From the barren wastelands of the Martian deserts to the vast sunken catacombs, the Earthman’s name shall be known! In Action Lab‘s Bigfoot: Sword of the Earthman #3, we find our titular hero and his companion, Castor, in the midst of a legion of swarming, bloodthirsty moth-vampires. In the heat of the skirmish, a massive explosion set off by barrels of beacon fire causes the ground beneath them to split open, sending the unlikely duo deep underground where they are taken captive by a subterranean army. Once more bound in shackles and captured as slaves, the two find themselves in the presence of the sexy queen of the Martian underground and mother of the moth-vampires, Malona the Damned. Of course, it just so happens that within her possession is the ever coveted Heart of the Sun.
After a brief explanation of the queen’s backstory through the use of one of the most oh-so effective means of storytelling (rhyming verses) Malona reveals her plans for her two new guests and it turns out that they mostly involve getting herself some sweet sweet Bigfoot lovin’… And handing out just a wee bit of death to Castor. (Not too bad all thing considered, amirite? Who is down for some Martian snu-snu?) After another display of Bigfoot’s awesome might, our hero manages to free himself and his partner from the queen’s chains, only this time Castor has finally claimed the prize he was looking for and Bigfoot is swinging around one hefty sword.
Although Bigfoot: Sword of the Earthman #3 has still been an entertaining read, I must admit that this hasn’t quite been my favorite issue so far. While I give Josh Henaman and Andy Taylor credit for expanding the Martian world and trying to give it more depth with a small fragment of its pre-existing history, this Malona of the Damned storyline seems to be a bit lacking in originality and doesn’t quite reel in much excitement. I can understand the queen’s desire to mate with Bigfoot, both for story purposes and given the fact that he is a gigantic hulking man-beast with dreamy locks of hair all over, but what really took things down a notch for me was Castor’s poetic account of Malona’s past. With the way Henaman has been progressing this story thus far as this bad ass tale of a brute warrior on a mysterious new world, the use of a nursery rhyme type of story telling sort of makes things feel a bit, for the lack of a better word, cheesy. I only mention this because thus far, this series has been pretty fun to read and scoring some good points for its originality and action packed goodness. It would be a shame to see it need to refer back to something as overly used as iambic pentameter in order to move the story along.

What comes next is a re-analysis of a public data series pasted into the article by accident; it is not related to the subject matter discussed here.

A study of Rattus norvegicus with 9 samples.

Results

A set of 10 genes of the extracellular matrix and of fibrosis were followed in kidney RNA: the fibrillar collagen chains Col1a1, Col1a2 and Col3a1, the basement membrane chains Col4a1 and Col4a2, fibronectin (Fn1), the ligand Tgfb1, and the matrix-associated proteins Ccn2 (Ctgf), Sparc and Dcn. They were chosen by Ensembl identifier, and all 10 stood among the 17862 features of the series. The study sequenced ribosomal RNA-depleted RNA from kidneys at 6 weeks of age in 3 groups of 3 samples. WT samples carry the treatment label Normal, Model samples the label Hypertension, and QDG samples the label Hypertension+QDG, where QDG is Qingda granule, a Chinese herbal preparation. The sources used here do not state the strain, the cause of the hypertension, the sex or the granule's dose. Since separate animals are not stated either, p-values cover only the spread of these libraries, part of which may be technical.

And while the story seemed to have a bit of a road bump, the artwork had a minor bit of a rough patch as well. Overall, Taylor’s depictions of Bigfoot’s adventures have been consistent and have also done a really great job at expressing this series’ rough-edged feeling. Although at times some of the artwork in this issue seems to have become oversimplified and too much detail is lost including body forms and facial expressions. It causes the panels to feel a bit cartoon-y. This is particularly evident in some of the wide angled scenes where some of the characters look less humanoid and more like flying squirrels. There is a fine line between simplification and over-simplification and moving forward, I hope that Taylor’s work doesn’t veer too far into the latter.
While issue 3 may not have been the strongest Bigfoot sighting yet, this book is still successful in progressing the story and adding some key elements that our heroes will need moving forward. What will Castor do now that he has the Heart of the Sun in his clasp? Will Malona seek out revenge on her would-be ape-mate? How much ass will Bigfoot now be able to kick with that bitchin’ new sword? We’ll just have to find out next time!
So what did you think Bigfoot: Sword of the Earthman #3? Did you have a different opinion about the issue? Head on over to the comic’s website here for more of the ape-man’s Martian tales and don’t forget to sound off in the comments or send us your thoughts on Twitter!